The Siren Call

new-orleansI have friends who regularly travel to Las Vegas. Others are addicted to vacations in the Caribbean, camping in the mountains or enjoying the attractions in Orlando. I constantly feel the allure of New Orleans. I fell in love with that city when I was nineteen years old and my feelings have not diminished over the years.

I first went to New Orleans before I was even able to remember the experience. My mom had a photo of me sitting in a stroller in the Cabildo. I seem to be fascinated by the exhibit of old time submarines although I am so young that it is difficult to tell what prompted my curious expression. I don’t believe that I ever returned again until my honeymoon when I was a foolishly young bride only six weeks away from being twenty. I was madly in love and hopelessly naive, but not so much so that I didn’t understand the intent of Bourbon Street.

I enjoyed my first alcoholic beverage inside Pat O’Brian’s. I wisely chose a breeze rather than a hurricane and immediately felt a lightheaded buzz as my new groom and I wandered down Royal Street. I was entranced by the shops and the vibrant feel of the French Quarter. I romantically imagined some of my favorite authors walking in the same alleys as I did. There was music everywhere and food that was so delightful. I weighed all of eighty eight pounds back then and seemed able to consume thousands of calories a day without gaining an ounce. I delighted in the beignets, gumbos, pralines, and coffees. I had breakfast at Brennan’s and dinner at Broussard’s. I sampled po’boy sandwiches and seafood of every variety. It was a culinary adventure that I will never forget.

People often ask me what I love most about New Orleans and I am always quick to answer that the history is what fascinates me most. Rather than spending time gambling or in darkened bars I love to learn about the people and events that have fashioned this remarkable place over time. I understand why artists are drawn to it because I too feel an unexplainable pull. There is something so real and alive. It is a place that overcomes difficulties again and again with a kind of cockeyed optimism that is so very beautiful.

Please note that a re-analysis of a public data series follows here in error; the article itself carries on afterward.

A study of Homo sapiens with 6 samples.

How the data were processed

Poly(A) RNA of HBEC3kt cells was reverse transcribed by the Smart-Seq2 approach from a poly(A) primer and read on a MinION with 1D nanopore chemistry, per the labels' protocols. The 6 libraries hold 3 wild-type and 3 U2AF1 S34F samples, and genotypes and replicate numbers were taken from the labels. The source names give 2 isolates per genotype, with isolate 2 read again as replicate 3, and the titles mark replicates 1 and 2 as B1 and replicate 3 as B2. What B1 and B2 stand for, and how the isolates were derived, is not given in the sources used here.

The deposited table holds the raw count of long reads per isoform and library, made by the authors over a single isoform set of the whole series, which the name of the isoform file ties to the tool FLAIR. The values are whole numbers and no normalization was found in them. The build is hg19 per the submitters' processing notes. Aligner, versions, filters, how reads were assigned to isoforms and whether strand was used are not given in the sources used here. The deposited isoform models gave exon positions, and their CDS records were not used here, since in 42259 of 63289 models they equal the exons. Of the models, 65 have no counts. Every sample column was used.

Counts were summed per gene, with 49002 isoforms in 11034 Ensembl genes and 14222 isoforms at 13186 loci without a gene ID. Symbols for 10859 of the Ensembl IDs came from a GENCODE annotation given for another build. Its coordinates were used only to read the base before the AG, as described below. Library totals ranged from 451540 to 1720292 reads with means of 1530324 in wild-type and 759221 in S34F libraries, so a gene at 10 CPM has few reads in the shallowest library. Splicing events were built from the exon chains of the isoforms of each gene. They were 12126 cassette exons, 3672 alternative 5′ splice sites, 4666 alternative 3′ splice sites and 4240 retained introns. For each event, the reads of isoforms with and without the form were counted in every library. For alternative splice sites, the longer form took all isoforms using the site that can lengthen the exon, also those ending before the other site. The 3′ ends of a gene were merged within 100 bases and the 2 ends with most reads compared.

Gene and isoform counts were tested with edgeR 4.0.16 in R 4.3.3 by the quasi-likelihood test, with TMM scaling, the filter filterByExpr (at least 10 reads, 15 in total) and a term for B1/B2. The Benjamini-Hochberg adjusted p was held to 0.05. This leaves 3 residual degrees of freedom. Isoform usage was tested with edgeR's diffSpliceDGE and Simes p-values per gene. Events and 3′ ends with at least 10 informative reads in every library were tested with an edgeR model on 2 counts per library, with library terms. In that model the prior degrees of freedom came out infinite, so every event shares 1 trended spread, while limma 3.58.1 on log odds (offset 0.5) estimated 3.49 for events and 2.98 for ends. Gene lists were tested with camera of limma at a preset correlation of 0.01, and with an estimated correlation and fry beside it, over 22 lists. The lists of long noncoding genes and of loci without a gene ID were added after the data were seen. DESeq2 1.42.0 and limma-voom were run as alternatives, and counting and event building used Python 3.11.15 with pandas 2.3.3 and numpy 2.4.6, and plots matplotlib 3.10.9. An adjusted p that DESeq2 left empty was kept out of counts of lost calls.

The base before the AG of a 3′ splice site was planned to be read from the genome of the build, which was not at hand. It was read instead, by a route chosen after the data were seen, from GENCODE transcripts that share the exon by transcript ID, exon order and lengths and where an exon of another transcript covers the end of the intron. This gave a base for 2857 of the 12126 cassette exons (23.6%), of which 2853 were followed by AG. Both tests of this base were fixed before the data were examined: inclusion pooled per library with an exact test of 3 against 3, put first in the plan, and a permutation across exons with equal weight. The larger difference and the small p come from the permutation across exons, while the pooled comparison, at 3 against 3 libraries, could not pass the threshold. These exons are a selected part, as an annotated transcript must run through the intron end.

I’ve been to New Orleans with my daughters and they too have caught the bug that brings us back for more. I have visited with good friends, laughing and enjoying the richness of letting the good times roll. I have brought my grandchildren who seem to understand why this city is so special and important to me.

Standing in Jackson Square gazing at the St. Louis Cathedral is magical for me. Feeling the warm brew of Cafe du Monde on my tongue is akin to a shot of serotonin straight to my brain. It makes me so happy. I never seem to tire of driving through the Garden District or visiting the museums. The sound of the steamship on the Mississippi River makes my heart race with joy. I look for Uncle Sam around every corner and smile as though he is a favorite relative each time that I seeing him standing silently with his little dog as though he is out for his regular afternoon stroll. I thrill to the music of Preservation Hall jazz which is as pure and emotion filled as that genre of music gets. I enjoy a nice picnic in Audubon Park and a tour of one of the historic cemeteries. I could spend hours sitting in the square listening to the musicians and watching the artists at work. I seem to discover something new each time I walk along the streets gazing at the amazing architecture and learning about the people who have lived behind those decorative wrought iron gates.

New Orleans has had more than its share of misery. There were many who thought that it had surely gasped its last breaths after hurricane Katrina. It certainly seemed as though it would never be able to overcome the devastating damage that so most of the city incurred. Somehow there were enough people who believed in the place that they were unwilling to let it die. It has changed a bit but like an ancient phoenix it rose from the ashes to deny the pessimism of its detractors.

Last week an area of East New Orleans that had barely healed from its Katrina wounds was ripped apart again by monster tornadoes that destroyed two hundred fifty homes. It was a sad blow to the souls who had so bravely returned to begin again and there may be those who will suggest that they simply face the reality that perhaps they were not meant to live in a place that is so often hit with the vagaries of nature. I’d like to think that the citizens will once again demonstrate a willingness to persevere just as countless have done for hundreds of years.

Houston is my hometown but New Orleans is the city that holds the key to my heart. I suspect that I will continue to visit for as long as I am able. I have one more grandson to introduce to this beautiful place. Since he enjoys visiting antique shops I suspect that he will quickly be drawn in to the charm and grace just as I have.

I’ve never been to a Mardi Gras celebration. I am not one for crowds. I plan my visits around the big events that bring visitors to New Orleans each year. I purposely chose to travel there this week before the parades and galas commence. I like New Orleans best when it is quieter and more personal. I am a bit sad that my grandchildren won’t be able to be with us because they are all in school. Still they have requested that I bring them some beignet mix and pralines and I plan to comply with their wishes until the time comes when they will be able to join us in a trip to the city that has so captured all of our fancies. New Orleans, Louisiana’s siren call will surely lure us back again.